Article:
Domestic Terrorism Targeting Science and Research

By April 25, 2009Innovation

Good report this morning on NPR’s Morning Edition Saturday, “Animal Researchers Unite After Extremists’ Attacks,” with the focus being on UCLA scientists and David Jentsch, a neurobiologist.

Jentsch refuses to give into the fear. After his car was set on fire, he founded UCLA Pro-Test, an organization that supports animal research and the UCLA scientists who have been targeted by extremists.

Last week, he spoke before hundreds of UCLA medical students, professors and technicians rallying in Los Angeles to support animal researchers.

“Whether you participate in animal research or not, we are all a community of scholars and we are standing up today to say that that horrible face that comes in the night can’t come anymore — it has to stop,” he told the crowd.

FBI this week elevated the public profile of its efforts against domestic terrorists, adding an animal extremist to its Most Wanted list.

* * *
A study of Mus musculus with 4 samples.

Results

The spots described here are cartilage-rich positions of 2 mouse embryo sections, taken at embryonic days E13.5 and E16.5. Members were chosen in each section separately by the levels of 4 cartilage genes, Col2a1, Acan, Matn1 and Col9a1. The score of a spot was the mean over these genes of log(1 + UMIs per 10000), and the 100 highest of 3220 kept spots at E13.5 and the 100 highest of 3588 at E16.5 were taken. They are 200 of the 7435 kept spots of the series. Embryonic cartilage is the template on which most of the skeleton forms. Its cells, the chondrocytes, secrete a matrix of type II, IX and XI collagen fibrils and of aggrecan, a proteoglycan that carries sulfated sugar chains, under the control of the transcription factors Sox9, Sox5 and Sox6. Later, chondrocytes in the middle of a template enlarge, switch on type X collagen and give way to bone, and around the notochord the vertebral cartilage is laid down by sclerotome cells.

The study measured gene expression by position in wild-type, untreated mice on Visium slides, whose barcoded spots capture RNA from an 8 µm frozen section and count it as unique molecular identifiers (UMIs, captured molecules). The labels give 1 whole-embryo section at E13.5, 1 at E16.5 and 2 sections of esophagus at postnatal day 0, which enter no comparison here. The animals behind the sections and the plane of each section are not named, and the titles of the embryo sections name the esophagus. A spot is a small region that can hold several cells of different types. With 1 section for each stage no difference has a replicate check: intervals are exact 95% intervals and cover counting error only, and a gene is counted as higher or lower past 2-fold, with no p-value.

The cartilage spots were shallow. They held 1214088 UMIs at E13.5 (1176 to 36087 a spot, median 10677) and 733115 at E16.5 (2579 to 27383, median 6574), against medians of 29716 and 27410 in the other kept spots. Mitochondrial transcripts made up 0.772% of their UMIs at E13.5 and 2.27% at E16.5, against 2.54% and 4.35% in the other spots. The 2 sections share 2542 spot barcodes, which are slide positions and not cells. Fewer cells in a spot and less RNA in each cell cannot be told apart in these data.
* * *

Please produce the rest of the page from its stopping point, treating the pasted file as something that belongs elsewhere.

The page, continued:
Daniel Andreas San Diego, 31, a former resident of tiny Schellville who is believed by authorities to be hiding out in Costa Rica, is the first domestic terror suspect to be added to a list that officials created a month after the attacks of Sept. 11, 2001.

San Diego is accused of detonating pipe bombs in 2003 at a pair of firms, Chiron Corp. in Emeryville and Shaklee Corp. in Pleasanton. No one was hurt in the early morning attacks, though the FBI contended Tuesday that San Diego “intended to cause serious injury or death.”

Interestingly, there’s quite a sophisticated PR effort that defends environmental and animal rights terrorists as victims of government oppression and civil rights abuses. Right. Next thing you know people will start claiming I.F. Stone was an independent-minded journalist.